Dr. Manhattan Really Is Dead On 'Watchmen' So You Can Stop Hoping For A Comeback

Mark Hill/HBO

Spoilers ahead for the Watchmen Season 1 finale. Doctor Manhattan warned Angela that their love story would end tragically. But it wasn't until Lady Trieu's machine obliterated him in "See How They Fly" that it became clear that Dr. Manhattan really died on Watchmen. The HBO TV adaptation has highlighted how anything can happen in this story first established in the graphic novel by writer Alan Moore, artist Dave Gibbons, and colorist John Higgins. But if the egg he left for Angela is any indication, even Dr. Manhattan accepted his deadly fate.

While the 7th Kalvary and Cyclops thought they had come up with the perfect plan to transfer Dr. Manhattan's powers to Senator Joe Keene, Lady Trieu had piggybacked on their idea to gain the blue god's abilities herself. But just as Trieu thwarted Keene's plan, Adrian Veidt (Trieu's father) messed with hers by sending frozen squids to rain down on her. But by that point, the super-powered being known as Jon Osterman, Doctor Manhattan, and Cal Abar had already been destroyed by Trieu's Millennium Clock.

Within the finale, there are plenty of indications that Jon is truly gone. Right before Trieu's machine is activated, he told Angela that he didn't send her away to Karnak "because I don't want to be alone when I die." When Angela met her grandfather Will, AKA Hooded Justice, in the Dreamland Theater, she also confirmed Dr. Manhattan was gone. The marquee of the Dreamland Theater was used to pay homage to Doctor Manhattan as well with all the lights but "DR M" broken.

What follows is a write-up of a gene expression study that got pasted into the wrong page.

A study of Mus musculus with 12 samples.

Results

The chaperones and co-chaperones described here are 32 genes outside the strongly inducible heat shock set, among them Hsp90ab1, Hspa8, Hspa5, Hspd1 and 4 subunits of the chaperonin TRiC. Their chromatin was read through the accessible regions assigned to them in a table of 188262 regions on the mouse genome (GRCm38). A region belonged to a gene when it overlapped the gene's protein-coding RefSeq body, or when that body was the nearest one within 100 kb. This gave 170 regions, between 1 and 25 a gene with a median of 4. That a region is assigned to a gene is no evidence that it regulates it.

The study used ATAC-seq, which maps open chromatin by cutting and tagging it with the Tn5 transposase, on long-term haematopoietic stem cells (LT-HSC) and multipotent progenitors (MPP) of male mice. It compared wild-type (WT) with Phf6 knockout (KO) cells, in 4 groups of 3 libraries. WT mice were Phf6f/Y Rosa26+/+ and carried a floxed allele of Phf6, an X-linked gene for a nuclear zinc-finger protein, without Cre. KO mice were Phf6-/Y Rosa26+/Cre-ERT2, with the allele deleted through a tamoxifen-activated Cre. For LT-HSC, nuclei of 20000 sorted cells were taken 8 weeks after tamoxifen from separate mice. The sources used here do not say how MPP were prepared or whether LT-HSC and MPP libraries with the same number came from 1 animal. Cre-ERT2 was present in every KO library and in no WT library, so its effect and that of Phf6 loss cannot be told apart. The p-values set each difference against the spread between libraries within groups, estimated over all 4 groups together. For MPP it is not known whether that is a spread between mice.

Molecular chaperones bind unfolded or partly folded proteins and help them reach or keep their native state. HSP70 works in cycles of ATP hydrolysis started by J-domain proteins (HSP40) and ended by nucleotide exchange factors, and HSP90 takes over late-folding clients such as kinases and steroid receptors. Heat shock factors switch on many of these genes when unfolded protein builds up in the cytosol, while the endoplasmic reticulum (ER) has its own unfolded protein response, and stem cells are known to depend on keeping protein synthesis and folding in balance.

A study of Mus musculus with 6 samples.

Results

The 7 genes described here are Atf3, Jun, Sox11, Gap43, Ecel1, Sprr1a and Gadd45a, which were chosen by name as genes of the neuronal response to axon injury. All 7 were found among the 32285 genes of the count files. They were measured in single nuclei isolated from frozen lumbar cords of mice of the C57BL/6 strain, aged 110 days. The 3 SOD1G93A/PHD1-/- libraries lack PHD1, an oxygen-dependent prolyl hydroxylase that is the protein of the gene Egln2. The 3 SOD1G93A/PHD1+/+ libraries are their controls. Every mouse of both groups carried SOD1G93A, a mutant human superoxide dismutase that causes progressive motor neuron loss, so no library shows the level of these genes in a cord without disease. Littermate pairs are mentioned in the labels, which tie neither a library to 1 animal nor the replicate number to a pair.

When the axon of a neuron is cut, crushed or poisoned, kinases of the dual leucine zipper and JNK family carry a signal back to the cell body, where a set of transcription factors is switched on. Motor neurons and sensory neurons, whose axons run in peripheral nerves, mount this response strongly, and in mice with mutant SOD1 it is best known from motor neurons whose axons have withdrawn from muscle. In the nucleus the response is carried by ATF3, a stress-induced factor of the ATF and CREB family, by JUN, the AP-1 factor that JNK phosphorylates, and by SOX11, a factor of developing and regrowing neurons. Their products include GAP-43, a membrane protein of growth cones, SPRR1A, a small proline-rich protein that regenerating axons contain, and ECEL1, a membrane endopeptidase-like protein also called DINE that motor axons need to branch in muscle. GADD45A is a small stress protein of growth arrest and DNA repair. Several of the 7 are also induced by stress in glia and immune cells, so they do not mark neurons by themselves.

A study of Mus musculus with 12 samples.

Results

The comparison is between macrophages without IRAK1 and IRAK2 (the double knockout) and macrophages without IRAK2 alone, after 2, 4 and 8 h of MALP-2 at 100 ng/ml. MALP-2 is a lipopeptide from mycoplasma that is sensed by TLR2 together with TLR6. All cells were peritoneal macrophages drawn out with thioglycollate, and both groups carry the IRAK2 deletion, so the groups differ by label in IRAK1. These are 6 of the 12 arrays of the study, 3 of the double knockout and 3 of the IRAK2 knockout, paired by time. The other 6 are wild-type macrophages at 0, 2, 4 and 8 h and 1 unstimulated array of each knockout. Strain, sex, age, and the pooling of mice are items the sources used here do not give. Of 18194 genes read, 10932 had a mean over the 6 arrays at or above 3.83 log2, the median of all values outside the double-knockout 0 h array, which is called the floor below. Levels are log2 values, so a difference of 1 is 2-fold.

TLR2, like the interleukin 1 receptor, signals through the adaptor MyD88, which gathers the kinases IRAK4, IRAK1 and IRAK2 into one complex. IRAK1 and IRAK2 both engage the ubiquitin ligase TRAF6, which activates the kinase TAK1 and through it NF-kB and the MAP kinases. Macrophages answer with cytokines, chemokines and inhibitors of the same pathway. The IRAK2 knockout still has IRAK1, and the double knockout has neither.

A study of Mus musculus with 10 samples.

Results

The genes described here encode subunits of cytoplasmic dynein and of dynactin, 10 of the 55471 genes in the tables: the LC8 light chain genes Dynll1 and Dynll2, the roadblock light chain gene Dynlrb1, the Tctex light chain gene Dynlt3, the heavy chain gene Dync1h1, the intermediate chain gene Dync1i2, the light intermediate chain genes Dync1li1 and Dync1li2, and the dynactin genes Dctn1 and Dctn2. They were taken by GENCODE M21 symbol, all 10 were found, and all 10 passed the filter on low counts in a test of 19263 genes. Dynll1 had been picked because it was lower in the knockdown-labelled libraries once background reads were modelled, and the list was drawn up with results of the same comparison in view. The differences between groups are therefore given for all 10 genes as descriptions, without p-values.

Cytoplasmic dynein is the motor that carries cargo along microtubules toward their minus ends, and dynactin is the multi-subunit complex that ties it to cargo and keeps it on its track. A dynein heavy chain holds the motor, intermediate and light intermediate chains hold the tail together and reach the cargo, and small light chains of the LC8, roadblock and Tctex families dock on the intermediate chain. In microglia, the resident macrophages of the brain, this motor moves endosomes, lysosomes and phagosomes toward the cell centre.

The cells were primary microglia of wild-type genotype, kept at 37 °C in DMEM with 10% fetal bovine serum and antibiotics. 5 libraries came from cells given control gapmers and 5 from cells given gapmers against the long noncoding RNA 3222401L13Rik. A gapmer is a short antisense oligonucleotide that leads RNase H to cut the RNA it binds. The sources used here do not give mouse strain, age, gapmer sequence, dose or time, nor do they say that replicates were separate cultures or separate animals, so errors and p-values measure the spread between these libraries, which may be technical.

HBO

According to Will, Jon had asked him to make a deal with Lady Trieu, presumably as a way to orchestrate at least some aspects of his death by stopping the Seventh Kalvary and giving Veidt the chance to stop Trieu. Another one of Doctor Manhattan's final acts was to pass his powers to his wife. The series left this part of the plot open-ended, but it should act as proof that Jon Osterman is gone for good.

Even showrunner Damon Lindelof, who is hesitant to be definitive about any aspects of the series (including the prospect of a Season 2), has seemingly confirmed Dr. Manhattan's death. Whether it has been through his conversation on the official Watchmen podcast or in interviews with Rolling Stone, The Hollywood Reporter, and Vanity Fair, Lindelof has spoken of Dr. Manhattan as a member of the dearly departed. (Though not like the departed in that other Lindelof series.)

Mark Hill/HBO

When Entertainment Weekly asked why Dr. Manhattan allowed himself to be killed, Lindelof explained, "In the case of Dr. Manhattan, once he sees the future, it's already happening. ... So while it plays like resignation and passivity, he's not even making a conscious choice because for him it’s already happened."

Even though his wife Angela had pleaded with him to fight off Trieu's machine, Dr. Manhattan viewed his death as inevitable. But what he could impact was passing on his powers to her, so she may have the chance to "do more" to help than he did while on Earth. For his part, Yahya Abdul-Mateen II told the New York Post he would be open to portraying Dr. Manhattan again if somehow he was needed. But the only way it seems Dr. Manhattan could appear on any potential future Watchmen seasons would be through memories or the powers of Angela Abar.